A construction jobsite is a perfect example of where RFID technology is used in countless applications. Jobsites are able to use a variety of RFID frequencies in applications to ensure security and to automate previously manual processes. Some examples include:
- Locating long range, or hard to find items with active RFID.
- Opening secure doors or enabling machinery access with HF/NFC RFID.
- Opening vehicle access gates with UHF RFID.
In order to get the most out of RFID, managers on a jobsite must understand all processes in the location. Security measures are extremely important in avoiding lawsuits, fraud, and lost or stolen equipment, while automating manual process can help to scale the operation and cut costs. Below are five examples of how RFID access control is being used on jobsites.
HF/NFC employee badges have multiple uses on a jobsite. One application for these badges is using them to record employee hours. When an employee walks by the reader, the badge is scanned and his/her status can be updated in the system and recorded on an electronic time card. This time card can be either compared to an employee’s logged hours or be the sole record for employee time management. If each read is stored and used alone as an employee’s time sheet for the week, there would be no need for each employee to log time.
Fueling stations can be targeted areas for fraud on jobsites due to lack of security. The fuel onsite is paid for by the construction company for authorized vehicles. Each month, these companies are seeing increased depletion of fuel that cannot be attributed to normal use. The disappearance of fuel on jobsites is mainly due to people (with or without access) filling up non-company cars with company fuel. In order to reduce this loss, RFID readers on fuel pumps and RFID tags on vehicles can keep detailed records of how much fuel is pumped into each vehicle. These pumps can also be programmed with software to only pump fuel when an authorized RFID vehicle tag is read. This will keep unauthorized vehicles from using company fuel.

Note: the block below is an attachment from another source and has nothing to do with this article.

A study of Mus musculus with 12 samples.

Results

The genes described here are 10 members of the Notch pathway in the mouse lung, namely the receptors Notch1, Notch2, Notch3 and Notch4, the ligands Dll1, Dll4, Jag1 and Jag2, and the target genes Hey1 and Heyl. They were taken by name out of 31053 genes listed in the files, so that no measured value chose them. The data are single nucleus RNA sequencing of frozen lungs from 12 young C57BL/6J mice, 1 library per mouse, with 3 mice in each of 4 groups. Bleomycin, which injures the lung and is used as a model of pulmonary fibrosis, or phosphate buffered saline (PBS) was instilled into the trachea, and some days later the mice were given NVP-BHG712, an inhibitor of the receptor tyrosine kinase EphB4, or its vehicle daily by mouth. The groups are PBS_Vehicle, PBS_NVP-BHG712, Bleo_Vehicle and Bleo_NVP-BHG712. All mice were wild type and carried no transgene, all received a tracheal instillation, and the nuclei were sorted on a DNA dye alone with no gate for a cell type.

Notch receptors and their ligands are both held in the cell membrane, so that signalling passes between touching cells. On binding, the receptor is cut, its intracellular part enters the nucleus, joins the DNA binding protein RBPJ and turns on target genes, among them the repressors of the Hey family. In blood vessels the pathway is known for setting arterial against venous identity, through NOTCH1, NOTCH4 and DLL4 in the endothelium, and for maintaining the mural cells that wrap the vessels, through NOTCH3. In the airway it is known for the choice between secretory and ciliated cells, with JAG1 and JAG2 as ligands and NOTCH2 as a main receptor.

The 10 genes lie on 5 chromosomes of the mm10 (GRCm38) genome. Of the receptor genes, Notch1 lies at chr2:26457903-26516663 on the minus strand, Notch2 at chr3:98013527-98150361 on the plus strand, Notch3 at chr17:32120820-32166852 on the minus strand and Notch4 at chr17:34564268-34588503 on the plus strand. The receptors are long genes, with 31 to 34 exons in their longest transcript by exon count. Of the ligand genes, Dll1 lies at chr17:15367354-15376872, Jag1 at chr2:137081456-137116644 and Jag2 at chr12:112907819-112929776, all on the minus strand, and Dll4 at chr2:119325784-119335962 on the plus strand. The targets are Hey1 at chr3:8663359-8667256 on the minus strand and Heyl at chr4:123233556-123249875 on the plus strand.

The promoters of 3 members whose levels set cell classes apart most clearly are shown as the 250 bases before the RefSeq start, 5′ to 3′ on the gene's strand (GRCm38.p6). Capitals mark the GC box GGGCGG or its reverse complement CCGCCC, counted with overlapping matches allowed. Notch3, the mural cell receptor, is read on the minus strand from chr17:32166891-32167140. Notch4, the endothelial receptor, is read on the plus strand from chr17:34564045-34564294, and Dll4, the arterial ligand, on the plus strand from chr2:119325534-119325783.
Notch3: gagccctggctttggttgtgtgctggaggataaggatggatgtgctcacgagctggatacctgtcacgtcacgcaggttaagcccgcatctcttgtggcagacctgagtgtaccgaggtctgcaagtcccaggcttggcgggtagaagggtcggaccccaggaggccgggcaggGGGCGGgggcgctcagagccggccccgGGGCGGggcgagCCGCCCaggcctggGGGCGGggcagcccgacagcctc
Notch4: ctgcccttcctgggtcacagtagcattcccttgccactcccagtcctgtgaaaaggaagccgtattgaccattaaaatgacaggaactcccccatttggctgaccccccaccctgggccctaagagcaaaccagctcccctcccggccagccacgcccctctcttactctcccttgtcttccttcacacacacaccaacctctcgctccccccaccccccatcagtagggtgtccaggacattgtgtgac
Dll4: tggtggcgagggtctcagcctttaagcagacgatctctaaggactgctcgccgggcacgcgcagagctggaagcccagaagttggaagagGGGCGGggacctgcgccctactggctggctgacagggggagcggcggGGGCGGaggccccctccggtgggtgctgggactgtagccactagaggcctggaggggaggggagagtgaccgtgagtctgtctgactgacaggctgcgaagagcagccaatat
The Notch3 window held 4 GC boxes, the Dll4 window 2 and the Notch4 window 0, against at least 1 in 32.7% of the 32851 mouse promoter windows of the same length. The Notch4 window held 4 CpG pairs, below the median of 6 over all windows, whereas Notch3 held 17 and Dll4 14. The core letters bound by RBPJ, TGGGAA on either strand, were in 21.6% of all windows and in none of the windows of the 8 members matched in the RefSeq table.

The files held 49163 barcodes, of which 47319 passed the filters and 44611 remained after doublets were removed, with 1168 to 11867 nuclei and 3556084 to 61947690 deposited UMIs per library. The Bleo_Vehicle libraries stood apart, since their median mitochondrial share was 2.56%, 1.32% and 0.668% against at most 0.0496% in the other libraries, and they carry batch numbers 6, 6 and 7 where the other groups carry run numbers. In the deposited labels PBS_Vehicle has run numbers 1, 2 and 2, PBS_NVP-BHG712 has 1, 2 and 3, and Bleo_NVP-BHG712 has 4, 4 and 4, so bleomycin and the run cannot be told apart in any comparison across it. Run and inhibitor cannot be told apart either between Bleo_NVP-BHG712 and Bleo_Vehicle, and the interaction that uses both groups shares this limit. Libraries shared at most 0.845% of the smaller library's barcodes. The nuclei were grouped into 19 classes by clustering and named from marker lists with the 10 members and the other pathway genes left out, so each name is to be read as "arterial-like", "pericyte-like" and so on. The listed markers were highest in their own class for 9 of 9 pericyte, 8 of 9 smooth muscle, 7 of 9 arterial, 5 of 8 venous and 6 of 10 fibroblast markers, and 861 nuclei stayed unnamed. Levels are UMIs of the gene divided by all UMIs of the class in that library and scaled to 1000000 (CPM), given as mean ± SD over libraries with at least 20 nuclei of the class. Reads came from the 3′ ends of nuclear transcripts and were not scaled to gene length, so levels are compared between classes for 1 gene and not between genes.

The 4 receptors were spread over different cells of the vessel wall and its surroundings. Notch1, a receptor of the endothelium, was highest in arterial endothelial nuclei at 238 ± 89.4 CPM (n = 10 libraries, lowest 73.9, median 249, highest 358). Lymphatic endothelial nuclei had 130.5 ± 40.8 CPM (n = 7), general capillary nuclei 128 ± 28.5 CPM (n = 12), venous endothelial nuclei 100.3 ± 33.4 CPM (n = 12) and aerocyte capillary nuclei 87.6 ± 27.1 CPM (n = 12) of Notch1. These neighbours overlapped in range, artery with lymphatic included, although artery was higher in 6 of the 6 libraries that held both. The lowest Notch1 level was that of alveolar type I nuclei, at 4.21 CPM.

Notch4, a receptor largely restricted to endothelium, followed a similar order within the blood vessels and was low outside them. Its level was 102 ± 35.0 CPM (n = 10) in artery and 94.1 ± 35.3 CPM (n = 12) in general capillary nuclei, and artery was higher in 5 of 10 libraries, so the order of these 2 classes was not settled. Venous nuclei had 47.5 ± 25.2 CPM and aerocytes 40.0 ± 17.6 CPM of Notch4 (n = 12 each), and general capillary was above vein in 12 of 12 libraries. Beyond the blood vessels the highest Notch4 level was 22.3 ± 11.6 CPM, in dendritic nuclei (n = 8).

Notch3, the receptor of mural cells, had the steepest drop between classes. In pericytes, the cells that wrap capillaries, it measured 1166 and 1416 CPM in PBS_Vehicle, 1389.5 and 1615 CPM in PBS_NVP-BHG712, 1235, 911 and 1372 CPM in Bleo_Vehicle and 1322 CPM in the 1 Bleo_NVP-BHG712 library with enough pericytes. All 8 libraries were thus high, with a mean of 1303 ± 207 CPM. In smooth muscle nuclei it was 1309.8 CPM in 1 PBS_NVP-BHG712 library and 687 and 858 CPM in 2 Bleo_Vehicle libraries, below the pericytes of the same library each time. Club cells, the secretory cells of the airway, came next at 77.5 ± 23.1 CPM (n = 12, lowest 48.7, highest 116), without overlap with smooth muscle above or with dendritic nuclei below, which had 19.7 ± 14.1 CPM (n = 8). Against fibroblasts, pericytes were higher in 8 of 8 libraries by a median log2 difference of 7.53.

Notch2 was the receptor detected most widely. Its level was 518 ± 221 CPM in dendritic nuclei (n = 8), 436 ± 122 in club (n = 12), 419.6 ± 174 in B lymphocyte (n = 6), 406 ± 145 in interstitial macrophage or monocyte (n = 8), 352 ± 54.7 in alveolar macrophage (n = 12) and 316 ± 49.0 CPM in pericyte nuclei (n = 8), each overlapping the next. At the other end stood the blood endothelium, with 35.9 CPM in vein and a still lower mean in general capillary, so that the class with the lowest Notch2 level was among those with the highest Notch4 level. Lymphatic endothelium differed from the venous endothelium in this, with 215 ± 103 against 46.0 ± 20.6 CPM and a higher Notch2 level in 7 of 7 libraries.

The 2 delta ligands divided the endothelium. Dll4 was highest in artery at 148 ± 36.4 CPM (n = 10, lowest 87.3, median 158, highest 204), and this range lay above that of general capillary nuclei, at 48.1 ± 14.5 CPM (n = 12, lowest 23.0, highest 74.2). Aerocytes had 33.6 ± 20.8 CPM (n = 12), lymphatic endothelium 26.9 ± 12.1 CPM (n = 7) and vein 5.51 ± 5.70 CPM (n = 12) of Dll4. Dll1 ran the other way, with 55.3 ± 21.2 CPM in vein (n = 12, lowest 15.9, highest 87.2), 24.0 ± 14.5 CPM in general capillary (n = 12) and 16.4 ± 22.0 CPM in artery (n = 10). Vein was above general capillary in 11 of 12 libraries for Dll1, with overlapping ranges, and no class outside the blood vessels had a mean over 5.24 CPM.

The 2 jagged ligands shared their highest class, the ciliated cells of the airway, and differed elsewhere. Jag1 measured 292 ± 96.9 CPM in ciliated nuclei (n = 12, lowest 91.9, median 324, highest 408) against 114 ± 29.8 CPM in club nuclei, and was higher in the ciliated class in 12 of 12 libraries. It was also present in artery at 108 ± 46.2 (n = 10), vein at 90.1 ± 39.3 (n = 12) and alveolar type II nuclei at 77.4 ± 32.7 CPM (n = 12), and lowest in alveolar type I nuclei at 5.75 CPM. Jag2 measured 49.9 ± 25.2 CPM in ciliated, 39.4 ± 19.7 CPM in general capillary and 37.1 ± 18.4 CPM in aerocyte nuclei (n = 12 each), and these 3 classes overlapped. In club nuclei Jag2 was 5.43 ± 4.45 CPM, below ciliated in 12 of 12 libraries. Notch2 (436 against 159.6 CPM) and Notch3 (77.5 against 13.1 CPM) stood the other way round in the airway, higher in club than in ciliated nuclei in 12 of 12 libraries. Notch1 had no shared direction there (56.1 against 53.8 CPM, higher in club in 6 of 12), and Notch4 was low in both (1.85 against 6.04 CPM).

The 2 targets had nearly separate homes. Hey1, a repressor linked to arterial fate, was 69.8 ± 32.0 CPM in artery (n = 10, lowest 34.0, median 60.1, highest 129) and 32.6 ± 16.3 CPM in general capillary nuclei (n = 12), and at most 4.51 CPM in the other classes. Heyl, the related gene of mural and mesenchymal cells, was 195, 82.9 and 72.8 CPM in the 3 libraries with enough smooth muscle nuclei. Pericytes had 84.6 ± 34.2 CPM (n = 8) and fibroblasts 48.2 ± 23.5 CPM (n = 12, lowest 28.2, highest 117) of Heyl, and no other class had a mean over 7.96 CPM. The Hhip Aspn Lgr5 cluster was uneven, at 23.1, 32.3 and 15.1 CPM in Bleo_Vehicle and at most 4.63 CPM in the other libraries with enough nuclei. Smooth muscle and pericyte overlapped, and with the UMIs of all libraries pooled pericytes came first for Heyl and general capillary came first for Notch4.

On jobsites multiple levels of security clearance mandated in certain areas help decrease the probability of lost or stolen equipment and information. These clearance levels can be programmed on NFC/HF badges so only authorized personnel are able to access high-security areas. Additional security measures can be put in place such as fingerprint scanners or coded PIN pads to enhance security and deter theft.
These same measures can be put in place at a security gate for vehicle admittance. Vehicle access control uses UHF RFID instead of NFC/HF, but clearance levels can also be programmed on Windshield tags or Rearview Mirror tags in order to create a secure vehicle lot.
Different types of machinery are found throughout jobsites and can be extremely high-cost assets. Even though this machinery is an incredible advantage in the field, it can also be a liability for the company. If ill-trained employees operate complex machinery and get hurt in the process, the company could be looking at a large lawsuit.
Adding an RFID access control system to machinery can limit the ability to operate to only pre-cleared employees. These clearance levels can be programmed on employee RFID badges and read upon entry to each piece of machinery. Entry and exit logs can also be stored on a database for use if any problems arise.
Affixing RFID tags on required safety gear forces employees to comply with regulated safety standards. RFID Readers at entry points of safety zones read the tags adhered to the employee’s safety gear diminishing company liability. In this case, there will be quite a few tag reads per individual, which might require more than one reader on each entry point.
RFID can be a critical player on a jobsite in access control applications, as well as other applications such as tool tracking, asset tracking, and inventory management. Each instance of RFID on a jobsite will require an extensive testing process because of environmental and multipath factors.